The High Intensity Rest

yawn.jpgGetting a good, restful, and sound sleep is just as important as any workout you do when trying to lose weight and become healthy. To get the best results from any workout, you also need time for your body to recover. During sleep, your pituitary glands produce more growth hormones than when you are awake. The main function of growth hormones is to stimulate cell reproduction, growth, and regeneration. This is significantly more important when you are living an active lifestyle, or are exercising, because the growth hormones help in the aid of muscle growth and repair. Consequently, stronger and bigger muscles will mean a faster metabolism, and we can always use a faster metabolism when we’re trying to lose weight.

Besides growth hormones, your body also balances two other important hormones that affect weight loss while you sleep. These hormones are called Leptin and Ghrelin, and they play a pivotal role in stimulating or suppressing your appetite when you are awake. Leptin is produced by your body’s fat cells and is responsible for curbing your appetite. Ghrelin is produced by your stomach and is responsible for stimulating your appetite. When you are sleep-deprived, your body produces less Leptin and more Ghrelin, resulting in an increase in appetite. This hormonal imbalance can suggest why you may sometimes have the urge to want to eat before going to sleep, especially when it’s past your usual bedtime. When your body gets enough sleep, more Leptin is produced to counter-balance Ghrelin production. This results in feeling more satiated throughout the day.

Getting enough sleep also lowers your cortisol levels in your blood. Cortisol functions by breaking down protein in your body and converting it into glucose. When you have too much glucose in your body, usually obtained through eating carbohydrates and foods with sugar, the glucose will get stored as fat. Moreover, cortisol affects your body’s ability to build muscle mass, which consequently has an affect your body’s metabolism. If you’re trying to lose weight, you want to make sure the cortisol levels in your blood are low by getting enough sleep.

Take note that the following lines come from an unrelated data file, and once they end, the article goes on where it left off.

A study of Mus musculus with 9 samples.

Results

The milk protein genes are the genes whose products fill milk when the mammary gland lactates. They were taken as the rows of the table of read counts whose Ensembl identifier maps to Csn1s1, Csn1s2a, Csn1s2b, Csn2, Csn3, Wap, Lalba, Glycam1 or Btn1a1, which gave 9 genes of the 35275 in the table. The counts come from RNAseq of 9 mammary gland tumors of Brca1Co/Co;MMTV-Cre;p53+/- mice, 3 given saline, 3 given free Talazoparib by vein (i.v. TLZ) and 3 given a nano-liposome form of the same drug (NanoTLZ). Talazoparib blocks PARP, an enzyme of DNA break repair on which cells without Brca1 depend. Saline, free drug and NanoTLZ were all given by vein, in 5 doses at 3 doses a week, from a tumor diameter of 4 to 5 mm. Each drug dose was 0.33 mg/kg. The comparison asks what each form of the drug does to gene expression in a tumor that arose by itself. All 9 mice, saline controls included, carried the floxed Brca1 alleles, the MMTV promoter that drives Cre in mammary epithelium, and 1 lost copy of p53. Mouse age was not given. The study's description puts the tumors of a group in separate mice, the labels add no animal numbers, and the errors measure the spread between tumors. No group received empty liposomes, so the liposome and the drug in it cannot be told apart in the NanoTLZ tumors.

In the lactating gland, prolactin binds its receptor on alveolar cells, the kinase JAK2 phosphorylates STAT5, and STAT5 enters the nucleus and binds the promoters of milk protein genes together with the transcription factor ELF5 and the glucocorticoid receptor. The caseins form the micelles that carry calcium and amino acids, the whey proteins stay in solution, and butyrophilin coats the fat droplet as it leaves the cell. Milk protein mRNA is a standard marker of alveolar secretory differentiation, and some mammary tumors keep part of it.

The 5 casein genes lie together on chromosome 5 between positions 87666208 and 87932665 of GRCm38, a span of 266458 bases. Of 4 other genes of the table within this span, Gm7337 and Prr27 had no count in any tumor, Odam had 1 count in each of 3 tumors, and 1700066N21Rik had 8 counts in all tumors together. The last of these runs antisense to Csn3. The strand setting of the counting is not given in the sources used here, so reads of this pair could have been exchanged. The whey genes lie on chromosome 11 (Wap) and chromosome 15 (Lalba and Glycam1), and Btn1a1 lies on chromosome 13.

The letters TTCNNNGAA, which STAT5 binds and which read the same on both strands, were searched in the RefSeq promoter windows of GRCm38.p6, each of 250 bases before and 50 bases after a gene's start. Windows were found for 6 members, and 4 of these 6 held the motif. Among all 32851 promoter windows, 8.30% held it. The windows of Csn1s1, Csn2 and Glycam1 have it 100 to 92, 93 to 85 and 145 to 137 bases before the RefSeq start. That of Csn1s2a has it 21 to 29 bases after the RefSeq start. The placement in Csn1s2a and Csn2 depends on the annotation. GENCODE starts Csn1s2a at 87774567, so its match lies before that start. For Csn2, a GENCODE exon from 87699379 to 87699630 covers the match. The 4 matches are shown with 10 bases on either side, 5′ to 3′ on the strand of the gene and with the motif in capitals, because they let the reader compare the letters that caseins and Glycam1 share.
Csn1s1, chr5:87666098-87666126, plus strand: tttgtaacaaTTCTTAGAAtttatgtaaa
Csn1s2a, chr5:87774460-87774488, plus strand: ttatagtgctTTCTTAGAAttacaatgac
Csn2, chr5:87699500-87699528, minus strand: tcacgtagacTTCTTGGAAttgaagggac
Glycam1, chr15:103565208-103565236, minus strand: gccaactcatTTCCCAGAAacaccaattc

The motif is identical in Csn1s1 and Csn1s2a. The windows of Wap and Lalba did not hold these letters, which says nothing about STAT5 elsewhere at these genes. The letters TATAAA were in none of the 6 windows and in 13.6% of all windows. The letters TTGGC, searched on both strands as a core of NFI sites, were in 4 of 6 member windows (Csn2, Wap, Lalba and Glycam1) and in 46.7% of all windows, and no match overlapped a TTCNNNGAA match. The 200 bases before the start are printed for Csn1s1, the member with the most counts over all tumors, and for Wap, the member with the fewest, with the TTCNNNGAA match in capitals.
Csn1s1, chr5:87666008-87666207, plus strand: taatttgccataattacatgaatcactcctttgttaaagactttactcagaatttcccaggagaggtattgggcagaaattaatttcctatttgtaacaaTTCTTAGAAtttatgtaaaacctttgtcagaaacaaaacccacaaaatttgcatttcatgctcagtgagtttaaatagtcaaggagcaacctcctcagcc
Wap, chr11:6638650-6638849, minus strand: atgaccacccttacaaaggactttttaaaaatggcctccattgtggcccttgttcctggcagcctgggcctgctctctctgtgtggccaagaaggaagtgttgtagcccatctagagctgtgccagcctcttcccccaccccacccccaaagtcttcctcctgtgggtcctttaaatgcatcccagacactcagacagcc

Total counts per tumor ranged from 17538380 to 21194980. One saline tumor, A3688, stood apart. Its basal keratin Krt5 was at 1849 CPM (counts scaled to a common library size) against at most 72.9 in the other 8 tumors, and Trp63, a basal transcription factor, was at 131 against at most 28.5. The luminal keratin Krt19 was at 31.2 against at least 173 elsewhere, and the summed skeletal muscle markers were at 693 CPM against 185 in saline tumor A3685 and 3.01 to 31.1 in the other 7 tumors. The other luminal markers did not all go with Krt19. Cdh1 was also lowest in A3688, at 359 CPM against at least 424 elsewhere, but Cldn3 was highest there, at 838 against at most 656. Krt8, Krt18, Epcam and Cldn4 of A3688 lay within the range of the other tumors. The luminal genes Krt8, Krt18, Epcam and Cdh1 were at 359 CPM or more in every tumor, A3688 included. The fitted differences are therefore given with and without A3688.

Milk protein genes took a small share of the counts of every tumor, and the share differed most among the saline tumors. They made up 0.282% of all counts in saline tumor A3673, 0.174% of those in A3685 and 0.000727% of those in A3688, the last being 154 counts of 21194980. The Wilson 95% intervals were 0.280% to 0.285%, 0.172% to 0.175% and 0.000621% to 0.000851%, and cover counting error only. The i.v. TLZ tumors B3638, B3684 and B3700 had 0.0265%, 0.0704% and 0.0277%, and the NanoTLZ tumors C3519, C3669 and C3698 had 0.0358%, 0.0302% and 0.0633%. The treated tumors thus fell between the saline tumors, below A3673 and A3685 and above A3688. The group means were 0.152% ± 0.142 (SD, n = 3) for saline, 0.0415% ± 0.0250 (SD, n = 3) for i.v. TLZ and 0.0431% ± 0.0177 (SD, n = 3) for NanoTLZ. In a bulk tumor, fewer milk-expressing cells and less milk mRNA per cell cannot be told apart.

According to the National Institute of Health, the average American adult gets seven hours of sleep per night. However, a study published in the Journal of Annals of Internal Medicine states that sleeping less than 8 and a half hours a night may hamper your body’s ability to lose fat. Some common symptoms of sleep deprivation are: relying on an alarm clock to wake up each morning, feel sleepy during low-energy activities such as meetings, or feeling the need to take naps or sleep in. Besides weight gain, poor sleep quality has also been linked to chronic pain, Fibromyalgia, diabetes, heart disease, and Alzheimer’s disease.

Here are a few basic tips to help you get a better sleep (Pete Cerqua, The High Intensity Fitness Revolution):

1. Reduce Caffeine Intake – Try cutting down to only one cup of caffeine a day (whether it’s a sugarless energy drink, coffee, or tea) and avoid consuming any caffeine past noon.

2. Don’t Eat Chocolate at Night – Though dark chocolate (in moderation) is a healthy snack, chocolate contains caffeine in it and should be especially avoided when it’s nearing bedtime.

3. Avoid an “Energy Boost” After 8:00 P.M. – Sugar or sugary foods will provide your body with an energy boost, which can sometimes by helpful before a workout. However, they should be avoided, especially before bed.

4. Abstain From Mental and Physical Stimulation – When you are getting ready for bed, make sure you close all electronics (including television, computer, laptop, iPad, phones, kindle, etc.). Electronics provide a mental stimulation that keep you engaged and awake. Regular books are usually an exception because they are slower-paced and easier to nod off to.

5. Physical Stimulation – For most individuals, working out and exercise usually wakes their bodies up because when you are working out, your heart rate is increasing. If you have trouble sleeping, try scheduling your exercises in the morning or early in the day rather than at night. This may also include any sexual activities.

6. Eat Foods High in Magnesium – Foods high in magnesium, such as almonds, legumes, pumpkin seeds, cashews, and dark leafy green vegetables, have been known to be a natural remedy for insomnia by helping to relax your brain and helping you fall asleep faster.

7. Take a Pill – Try something all natural, like L-Tryptophan or 5-HTP. These are basic, simple, and cost-effective.

Sources

1. Cerqua, Pete. High Intensity Fitness Revolution for Women: A Fast and Easy Workout with Amazing Results. New York: Skyhorse, 2013. Print.

2. Greenwood, Melanie. “Does Sleep Help With Weight Loss?” LIVESTRONG.COM. LIVESTRONG, Sept.-Oct. 2010. Web. 03 Mar. 2013.